After watching David Fincher's Gone Girl, you may want to meet the woman that messed the director up.
Fincher's cynical, coal-hearted autopsy of marriage and reality-TV culture, based on Gillian Flynn's bestseller, is a manipulative, black comedy mystery about the versions of ourselves we put out there in the name of love and togetherness, only to have them give way to our truer, deeper selves when the romance we so eagerly sought becomes the thing we're willing to lie, cheat and kill to free ourselves from.
Make no mistake: This is more than just a polished adaptation of popular fiction. It's a movie that demands at least one repeat viewing as it inches its way up the list of "Best of the Year."
Ben Affleck plays Nick Dunne, a struggling New York writer who finds more success with party pick-up lines than he does with getting his works published. His charming banter quickly tractor beams in the alluring Amy (Rosamund Pike, delivering career-best work), the daughter of a successful author who made millions writing books based on his little girl, albeit the more ideal and "likable" version of her. ("Daddy issues" are just one of many emotional scabs Amy can't stop picking.)
Their relationship and eventual marriage -- the good and especially the bad -- unfolds parallel to Amy's disappearance, all while Amy narrates the tale using entries from her diary which conveniently frames Nick as her potential murderer.
Local PD and national media are put in a frenzy, as Nick's near-perfect husband persona gradually unravels once his infidelity becomes the stuff of Nancy Grace-like TV specials. Soon, the evidence points to foul play, and Nick becomes his own ticking clock -- he must find out what happened to his wife before the media and the police put him in prison, which, as the movie unfolds, seems like a vacation spot compared to the marriage he has been trapped in.
To say anything more about plot specifics would deny one the sadistic thrill of watching them first-hand. Fincher, working off Flynn's screenplay based on her own novel, raises his already volatile brand of cynicism to new levels, finding the perfect outlet to convey his black-on-black sense of humor and his opinions about relationships and modern media culture. A pair of scenes late in the film's two-and-half-hour running time -- a confrontation between Nick and the film's spot-on take on Nancy Grace, and later an angry fight with Amy -- seem like Fincher is using the characters as ciphers to deliver what feels like blog post rants about the film's themes. These moments achieve an almost breaking-the-fourth-wall quality, with the director's intense insight and personality having as strong a presence in the film as those of his lead actors.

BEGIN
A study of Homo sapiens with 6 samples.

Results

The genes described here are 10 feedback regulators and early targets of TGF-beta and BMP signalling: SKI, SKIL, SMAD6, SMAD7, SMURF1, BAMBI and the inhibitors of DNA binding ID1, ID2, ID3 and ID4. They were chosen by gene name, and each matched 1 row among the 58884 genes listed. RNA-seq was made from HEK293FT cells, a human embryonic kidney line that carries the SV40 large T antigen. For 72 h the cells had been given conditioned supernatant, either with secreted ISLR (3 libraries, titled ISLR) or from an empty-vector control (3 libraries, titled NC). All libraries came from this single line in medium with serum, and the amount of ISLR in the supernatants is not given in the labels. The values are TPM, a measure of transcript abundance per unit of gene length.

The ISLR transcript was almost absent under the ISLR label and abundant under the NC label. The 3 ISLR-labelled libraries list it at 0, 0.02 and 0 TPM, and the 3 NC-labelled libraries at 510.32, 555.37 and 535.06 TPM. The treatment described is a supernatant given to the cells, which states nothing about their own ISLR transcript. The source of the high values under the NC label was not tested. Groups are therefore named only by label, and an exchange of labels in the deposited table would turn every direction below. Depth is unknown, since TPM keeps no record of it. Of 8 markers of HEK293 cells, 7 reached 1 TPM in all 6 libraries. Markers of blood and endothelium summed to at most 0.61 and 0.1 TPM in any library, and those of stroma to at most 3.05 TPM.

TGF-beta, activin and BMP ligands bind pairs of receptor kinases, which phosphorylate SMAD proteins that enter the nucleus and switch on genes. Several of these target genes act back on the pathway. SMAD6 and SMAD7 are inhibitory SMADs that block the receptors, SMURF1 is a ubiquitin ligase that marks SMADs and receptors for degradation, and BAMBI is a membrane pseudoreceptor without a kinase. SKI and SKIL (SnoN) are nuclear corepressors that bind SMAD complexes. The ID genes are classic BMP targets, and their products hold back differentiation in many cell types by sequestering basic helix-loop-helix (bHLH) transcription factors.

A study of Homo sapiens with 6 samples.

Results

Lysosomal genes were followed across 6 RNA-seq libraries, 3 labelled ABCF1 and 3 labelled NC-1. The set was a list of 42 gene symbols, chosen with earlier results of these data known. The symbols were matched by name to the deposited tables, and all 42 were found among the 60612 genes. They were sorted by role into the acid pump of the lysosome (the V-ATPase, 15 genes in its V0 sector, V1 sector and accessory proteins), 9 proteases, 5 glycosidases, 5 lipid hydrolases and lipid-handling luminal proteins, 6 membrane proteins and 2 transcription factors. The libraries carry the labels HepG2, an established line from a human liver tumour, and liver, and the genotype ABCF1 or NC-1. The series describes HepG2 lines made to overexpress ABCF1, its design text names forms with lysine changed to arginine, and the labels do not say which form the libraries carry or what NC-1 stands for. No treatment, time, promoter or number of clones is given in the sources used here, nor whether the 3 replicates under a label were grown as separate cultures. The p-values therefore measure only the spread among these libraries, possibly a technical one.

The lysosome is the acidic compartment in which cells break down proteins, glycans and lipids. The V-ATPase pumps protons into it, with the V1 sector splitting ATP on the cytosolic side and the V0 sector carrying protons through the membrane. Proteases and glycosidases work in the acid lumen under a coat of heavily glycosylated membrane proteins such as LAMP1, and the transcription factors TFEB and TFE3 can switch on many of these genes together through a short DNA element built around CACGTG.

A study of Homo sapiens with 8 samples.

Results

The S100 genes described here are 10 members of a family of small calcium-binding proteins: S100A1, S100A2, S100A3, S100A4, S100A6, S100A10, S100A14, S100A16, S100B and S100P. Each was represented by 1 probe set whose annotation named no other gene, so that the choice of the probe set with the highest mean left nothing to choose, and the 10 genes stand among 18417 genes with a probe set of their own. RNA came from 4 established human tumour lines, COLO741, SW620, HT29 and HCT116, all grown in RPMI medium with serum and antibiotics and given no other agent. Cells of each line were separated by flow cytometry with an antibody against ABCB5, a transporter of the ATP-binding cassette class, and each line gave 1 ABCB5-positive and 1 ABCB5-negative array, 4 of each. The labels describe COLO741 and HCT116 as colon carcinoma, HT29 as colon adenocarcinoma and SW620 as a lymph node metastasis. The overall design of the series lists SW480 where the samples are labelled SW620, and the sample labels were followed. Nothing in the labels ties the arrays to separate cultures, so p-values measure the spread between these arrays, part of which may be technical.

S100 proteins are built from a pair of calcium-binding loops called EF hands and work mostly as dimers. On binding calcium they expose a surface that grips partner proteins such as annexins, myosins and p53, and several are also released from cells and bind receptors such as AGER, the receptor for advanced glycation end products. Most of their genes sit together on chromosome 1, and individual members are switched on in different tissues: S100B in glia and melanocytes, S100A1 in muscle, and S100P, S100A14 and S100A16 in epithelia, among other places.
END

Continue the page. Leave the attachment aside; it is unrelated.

While Fincher's direction and brisk pacing steal the show -- the jarring staccato rhythm of the opening titles feel like rabbit punches to the eyes -- Affleck comes in a close second. He gives his best leading man performance to date, alternating between passive victim and unlikely hero. He is the glue that holds the film's jagged narrative together, even when the third act goes to some very melodramatic -- but incredibly effective -- places.
Pike's Amy is a twisted, beautiful, scary mess; the by-product of not being hugged enough and getting her way too much. Pike infects every scene with a slow-burn menace -- she's a velvet switchblade, whose unreliable narration ends up putting her in a villain-y light while also making her one of the big screen's most sympathetic psychos.
The supporting cast is scary good, as well, especially Tyler Perry as Nick's high-profile lawyer who makes a living off the lives of spouses in trouble, in a world eager to make heroes and villains out of husbands and wives.
Which is exactly what Gone Girl wants you to do -- it wants you to choose sides so it can smirk at you for thinking that marriage, that love, can be so easily categorized. Nick and Amy are their own worst enemies, and the movie's charm comes with how it both rewards and punishes you for rooting for them as their circumstances change. There is no right or wrong here, Nick and Amy are equally to blame for how dire and bloody (good god, the blood!) their relationship becomes. And yet, we can't help but want Nick to escape the frame Amy's put him in, despite the fact that his actions helped hammer in the nails.
Gone Girl is Fincher's most focused film since Zodiac, and his most mainstream entertainment since Seven. It puts the messiness of human relationships and all the things he wants to say about them on a dart board and throws scalpels at them, hitting bullseye every time.
The end result is an often uncomfortable, always tense and never boring film that, among other successes, achieves that which few films this year have done: Become something worth talking about long after the credits roll.